Understand and Use *args and **kwargs in Python

Understand and Use *args and **kwargs in Python

The special syntax *args in function definitions in python is used to pass a variable number of arguments to a function. It is used to pass a non-keyworded, variable-length argument list.

The special syntax *args in function definitions in python is used to pass a variable number of arguments to a function. It is used to pass a non-keyworded, variable-length argument list.

The syntax is to use the symbol * to take in a variable number of arguments; by convention, it is often used with the word args.

What *args allows you to do is take in more arguments than the number of formal arguments that you previously defined. With *args, any number of extra arguments can be tacked on to your current formal parameters (including zero extra arguments).

Don’t let the syntax scare you. These aren’t super special parameters. They’re not even that fancy, and we’re going to learn how to use them.

Positional vs. Keyword Arguments

There are two concepts we need to separate in order to learn what *args and **kwargs are.

The first is the difference between positional and keyword arguments. In the most basic of functions, we play a matching game — argument 1 goes with parameter 1, argument 2 goes with parameter 2, and so on.

def printThese(a,b,c):
   print(a, "is stored in a")
   print(b, "is stored in b")
   print(c, "is stored in c")
printThese(1,2,3)
"""
1 is stored in a
2 is stored in b
3 is stored in c
"""

All three arguments are required. Missing one will cause an error.

def printThese(a,b,c):
   print(a, "is stored in a")
   print(b, "is stored in b")
   print(c, "is stored in c")
printThese(1,2)
"""
TypeError: printThese() missing 1 required positional argument: 'c'
"""

If we give a parameter a default value in the function definition, then it becomes optional.

def printThese(a,b,c=None):
   print(a, "is stored in a")
   print(b, "is stored in b")
   print(c, "is stored in c")
printThese(1,2)
"""
1 is stored in a
2 is stored in b
None is stored in c
"""

Additionally, these optional parameters also become keyword-eligible, meaning you can specify the parameter name in the function call to map it accordingly.

Let’s make all three variables default to None and watch how we can still map them irregardless of order.

def printThese(a=None,b=None,c=None):
   print(a, "is stored in a")
   print(b, "is stored in b")
   print(c, "is stored in c")
printThese(c=3, a=1)
"""
def printThese(a=None,b=None,c=None):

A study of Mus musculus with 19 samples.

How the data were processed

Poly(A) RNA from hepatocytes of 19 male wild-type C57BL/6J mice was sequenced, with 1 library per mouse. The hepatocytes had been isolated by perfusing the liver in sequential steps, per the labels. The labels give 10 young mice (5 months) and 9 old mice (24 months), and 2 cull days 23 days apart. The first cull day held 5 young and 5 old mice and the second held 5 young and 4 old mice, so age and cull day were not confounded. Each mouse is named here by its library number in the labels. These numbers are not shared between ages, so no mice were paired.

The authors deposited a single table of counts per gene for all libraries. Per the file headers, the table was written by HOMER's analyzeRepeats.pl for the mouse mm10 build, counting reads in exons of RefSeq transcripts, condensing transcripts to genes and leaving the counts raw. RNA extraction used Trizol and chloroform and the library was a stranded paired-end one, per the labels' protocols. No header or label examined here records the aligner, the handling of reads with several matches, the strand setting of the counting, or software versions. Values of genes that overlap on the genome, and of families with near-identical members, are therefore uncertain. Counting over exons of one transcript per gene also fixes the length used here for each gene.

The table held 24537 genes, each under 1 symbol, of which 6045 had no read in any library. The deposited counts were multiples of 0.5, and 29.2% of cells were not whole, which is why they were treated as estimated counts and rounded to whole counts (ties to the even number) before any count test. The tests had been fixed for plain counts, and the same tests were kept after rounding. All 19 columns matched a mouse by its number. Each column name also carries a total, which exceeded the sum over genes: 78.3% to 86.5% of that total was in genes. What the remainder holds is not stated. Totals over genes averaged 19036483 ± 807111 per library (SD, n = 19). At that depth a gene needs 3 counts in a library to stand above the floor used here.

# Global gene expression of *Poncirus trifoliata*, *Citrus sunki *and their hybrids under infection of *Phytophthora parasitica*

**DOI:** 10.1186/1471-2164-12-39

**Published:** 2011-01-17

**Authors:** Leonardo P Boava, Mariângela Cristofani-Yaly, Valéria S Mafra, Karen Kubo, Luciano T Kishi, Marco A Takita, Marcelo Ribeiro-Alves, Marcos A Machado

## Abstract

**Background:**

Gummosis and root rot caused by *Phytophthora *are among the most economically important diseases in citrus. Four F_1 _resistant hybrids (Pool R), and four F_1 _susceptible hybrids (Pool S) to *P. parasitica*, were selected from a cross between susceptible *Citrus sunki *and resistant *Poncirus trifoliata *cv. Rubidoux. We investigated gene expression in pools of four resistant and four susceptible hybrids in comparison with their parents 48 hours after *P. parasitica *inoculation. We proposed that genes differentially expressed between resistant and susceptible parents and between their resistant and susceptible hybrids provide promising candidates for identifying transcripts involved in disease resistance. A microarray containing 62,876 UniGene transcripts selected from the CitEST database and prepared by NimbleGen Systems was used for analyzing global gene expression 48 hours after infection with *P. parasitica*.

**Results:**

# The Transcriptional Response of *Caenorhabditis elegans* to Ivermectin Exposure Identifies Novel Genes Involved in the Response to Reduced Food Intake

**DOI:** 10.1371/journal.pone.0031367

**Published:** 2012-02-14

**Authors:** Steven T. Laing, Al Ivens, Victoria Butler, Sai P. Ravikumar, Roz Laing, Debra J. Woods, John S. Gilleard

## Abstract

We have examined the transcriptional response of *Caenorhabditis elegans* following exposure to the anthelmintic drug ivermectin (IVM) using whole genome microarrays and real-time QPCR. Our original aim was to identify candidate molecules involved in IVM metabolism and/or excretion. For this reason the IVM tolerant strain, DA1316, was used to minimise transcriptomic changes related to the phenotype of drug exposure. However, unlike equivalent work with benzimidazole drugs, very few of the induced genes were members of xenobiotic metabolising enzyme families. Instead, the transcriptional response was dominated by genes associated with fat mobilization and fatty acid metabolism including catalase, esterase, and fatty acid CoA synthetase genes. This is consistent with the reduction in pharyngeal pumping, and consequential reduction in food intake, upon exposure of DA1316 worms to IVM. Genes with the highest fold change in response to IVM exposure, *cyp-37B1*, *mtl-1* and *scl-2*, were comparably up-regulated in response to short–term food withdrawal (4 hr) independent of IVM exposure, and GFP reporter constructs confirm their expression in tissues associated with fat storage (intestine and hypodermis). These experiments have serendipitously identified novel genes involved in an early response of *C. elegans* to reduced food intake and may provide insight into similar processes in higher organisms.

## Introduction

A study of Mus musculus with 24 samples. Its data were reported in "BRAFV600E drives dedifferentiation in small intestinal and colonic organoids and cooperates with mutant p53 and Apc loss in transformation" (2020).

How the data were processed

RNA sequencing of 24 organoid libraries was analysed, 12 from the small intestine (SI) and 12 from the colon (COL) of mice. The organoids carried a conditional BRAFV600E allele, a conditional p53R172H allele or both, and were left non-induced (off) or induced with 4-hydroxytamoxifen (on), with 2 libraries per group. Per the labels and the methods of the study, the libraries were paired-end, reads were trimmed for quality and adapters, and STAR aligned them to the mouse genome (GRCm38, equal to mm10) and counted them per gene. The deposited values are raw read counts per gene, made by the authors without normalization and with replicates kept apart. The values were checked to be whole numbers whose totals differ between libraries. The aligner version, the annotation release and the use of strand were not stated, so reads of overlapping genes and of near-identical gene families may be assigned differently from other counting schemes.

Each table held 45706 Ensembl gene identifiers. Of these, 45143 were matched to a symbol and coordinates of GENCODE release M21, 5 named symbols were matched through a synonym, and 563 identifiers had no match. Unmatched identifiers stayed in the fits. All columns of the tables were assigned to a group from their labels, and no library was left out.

print(a, "is stored in a")
   print(b, "is stored in b")
   print(c, "is stored in c")
printThese(c=3, a=1)
"""
1 is stored in a
None is stored in b
3 is stored in c
"""
The Splat Operator

Let me start by saying I love the name of this operator — it’s so … visual. The * is most commonly associated with multiplication, but in Python it doubles as the splat operator.

I think of this operator as a piñata. I’ve described the spread operator — the JavaScript equivalent of splat — as unpacking a series of dominoes to form a single larger sequence, but splat warrants a more forceful analogy.

A simple example will make this more clear.

a = [1,2,3]
b = [*a,4,5,6]

print(b) # [1,2,3,4,5,6]

In the code example, we’re taking the contents of a and splattering (unpacking) it into our new list b.

How To Use *args and **kwargs

So we know the splat operator unpacks multiple values, and there are two types of function parameters. Well, if you haven’t figured it out by now, *args is short for arguments, and **kwargs is short for keyword arguments.

Each is used to unpack their respective argument type, allowing for function calls with variable-length argument lists. For example, let’s create a function to print a student’s test scores.

def printScores(student, *scores):
   print(f"Student Name: {student}")
   for score in scores:
      print(score)
			
printScores("Jonathan",100, 95, 88, 92, 99)
"""
Student Name: Jonathan
100
95
88
92
99
"""

Whoa, wait. I didn’t name it *args? That’s right, “args” is a standard convention but still just a name. The secret revealed, in *args, the single asterisk is the real player here, creating a list whose contents are positional arguments — after those defined — from the function call.

With that cleared up, **kwargs should be a easy to digest. The name doesn’t matter, but the double asterisks create a dictionary whose contents are keyword arguments — after those defined — from a function call.

To illustrate this, let’s create a function to print the names of a person’s pets.

def printPetNames(owner, **pets):
   print(f"Owner Name: {owner}")
   for pet,name in pets.items():
      print(f"{pet}: {name}")
			
printPetNames("Jonathan", dog="Brock", fish=["Larry", "Curly", "Moe"], turtle="Shelldon")

"""
Owner Name: Jonathan
dog: Brock
fish: ['Larry', 'Curly', 'Moe']
turtle: Shelldon
"""
Parting Words

A few words of wisdom to help you avoid common pitfalls and expand your knowledge.

  • Use *args, **kwargs as a standard convention to catch positional and keyword arguments
  • You cannot place **kwargs before *args, or you’ll receive an error
  • Beware of conflicts between keyword parameters and **kwargs where the value is meant to be passed as a **kwarg but is unknowingly the name of a keyword parameter
  • You can use the splat operator in function calls as well

Please write comments if you find anything incorrect, or you want to share more information about the topic discussed above. Thank you!